Teaching kids manners is a difficult thing to do these days. Society has changed a lot and there is no longer an emphasis on teaching children manners.
Our society largely teaches people to have poor manners. We see this all around us. I see it when I watch people drive, see how people interact with each other, and watch them use technology instead of manners. Very few people display any kind of manners while driving...road rage seems to be the "norm."
Watching people communicate with each other, I see very few people demonstrate manners. I see a trend where people, in an effort to build themselves up, spend the entire time demeaning someone else. It is as if the only way for the person to feel good about themselves is by making someone else feel bad.
With much of communication moving towards technology (Internet, email, texting, social networking, etc.) there is less and less manners. I rarely receive an email that says "Thank you" or "Please."
So, with this being the environment that our children are living in, how do we approaching teaching kids manners? These tips should make the process easier for you.
1. They must have an example - Human behavior teaches us that children usually are a product of their own environment. That means, if you want to have your children learn to use proper manners, you need to demonstrate the same thing. The easiest way for them to learn is to learn by watching someone else do it. Family manners will build a strong foundation for them to learn from.
When you use proper manners and make it the way you live your life, that will make an imprint on your children. You simply cannot expect them to have good manners when you demonstrate poor etiquette. Live it and it will rub off off on them.
2. You must be consistent - Teaching children manners must be a way of life. If it is not done with any kind of consistency, they will not learn to use the principles in their everyday life.
Manners must be taught all the time or your children will not learn the principles.
If you plan on teaching them every now and then, the new behaviors of manners will not happen. If you want them to use please and thank you, you have to give them opportunities to use it.
My children know that if they want something, they must ask please. They know that I am not going to do anything for them until they say please. And they know that I won't give something to them until they say thank you. I had to be consistent in doing that or they would not change their behavior. This helps in teaching kids manners.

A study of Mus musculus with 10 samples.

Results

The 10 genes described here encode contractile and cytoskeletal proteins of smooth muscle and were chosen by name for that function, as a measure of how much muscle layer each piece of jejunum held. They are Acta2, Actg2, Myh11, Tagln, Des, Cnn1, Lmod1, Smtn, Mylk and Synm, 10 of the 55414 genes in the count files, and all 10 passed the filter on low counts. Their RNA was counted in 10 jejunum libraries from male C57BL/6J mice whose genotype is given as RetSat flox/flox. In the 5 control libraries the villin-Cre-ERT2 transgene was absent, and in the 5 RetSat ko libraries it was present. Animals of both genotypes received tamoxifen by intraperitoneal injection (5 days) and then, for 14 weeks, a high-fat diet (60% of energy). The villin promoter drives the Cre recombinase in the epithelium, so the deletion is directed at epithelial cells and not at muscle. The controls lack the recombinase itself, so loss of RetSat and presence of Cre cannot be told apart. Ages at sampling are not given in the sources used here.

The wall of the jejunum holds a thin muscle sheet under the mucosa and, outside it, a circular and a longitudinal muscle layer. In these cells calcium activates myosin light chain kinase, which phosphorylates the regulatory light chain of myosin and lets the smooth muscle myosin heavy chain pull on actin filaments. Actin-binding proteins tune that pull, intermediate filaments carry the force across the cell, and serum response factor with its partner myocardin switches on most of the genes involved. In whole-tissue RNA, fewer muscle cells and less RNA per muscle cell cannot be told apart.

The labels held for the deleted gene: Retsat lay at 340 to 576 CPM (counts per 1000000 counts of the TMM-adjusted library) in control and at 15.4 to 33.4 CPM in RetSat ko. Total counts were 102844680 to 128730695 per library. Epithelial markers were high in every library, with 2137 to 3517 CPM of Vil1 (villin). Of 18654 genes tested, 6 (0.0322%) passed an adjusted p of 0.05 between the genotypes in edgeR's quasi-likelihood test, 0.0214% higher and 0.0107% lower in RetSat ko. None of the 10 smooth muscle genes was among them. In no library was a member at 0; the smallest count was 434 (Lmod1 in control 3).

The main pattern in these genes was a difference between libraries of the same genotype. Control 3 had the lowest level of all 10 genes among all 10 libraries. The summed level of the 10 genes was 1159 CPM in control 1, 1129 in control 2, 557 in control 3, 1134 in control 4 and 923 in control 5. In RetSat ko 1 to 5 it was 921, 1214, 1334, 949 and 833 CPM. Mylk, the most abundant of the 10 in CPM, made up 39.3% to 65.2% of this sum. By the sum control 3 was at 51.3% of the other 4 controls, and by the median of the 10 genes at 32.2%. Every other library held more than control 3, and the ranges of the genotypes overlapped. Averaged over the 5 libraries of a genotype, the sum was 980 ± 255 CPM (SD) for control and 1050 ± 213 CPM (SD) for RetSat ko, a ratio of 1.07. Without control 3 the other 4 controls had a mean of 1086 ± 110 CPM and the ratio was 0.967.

3. Encourage good manners - Nothing will help with teaching kids manners more than praising them when they get it right.
I like to make a big deal out of it when they show proper manners without me having to ask them to do so. People have a natural desire to please people that are important to them. As a result, children have a natural desire to make their parents proud of them. You can use this to your advantage in teaching them.
I like to tell them how happy it makes me when they talk politely, or open a door for someone. They see how it makes me feel when they do it and then they begin looking for opportunities to do it again.
4. Selfless attitude is the key - This is the hardest principle to teach, but when you get it right, it makes all the difference in the world. Here's why...
If you think about it, a lack of etiquette really just means that someone is exuding selfish tendencies. If someone was not selfish, they would think of the needs of others and how to make them happy.
As we went about teaching our children, we implemented what we called Service Stars. The idea was that every time we caught them doing something nice for someone, we would put a star on the wall. Each person (my wife and I included) had a different color star. That way, it was easy to see who had done the service.
Once they received a certain number of stars, they would get a milkshake or some other kind of reward. We would also ask the kids as we ate dinner together who they helped during the day. So, they knew that mom and dad were going to ask every day who they had helped.
The result was something magical. The kids started looking for opportunities to help others. They stopped thinking less about themselves. They started to pray for opportunities to help others. For an eight-year old and a four-year old, I think that is tremendous. The stars on the wall ended up being something they were proud of. When people would come over to the house, the kids would show them the stars on the wall and how they earned them.
It was a really neat way for us to facilitate teaching kids manners. The whole point is to find what works for you and your needs. Manners do not come without focus and attention. If it is not important in your life to have good manners, it will not be important to your children.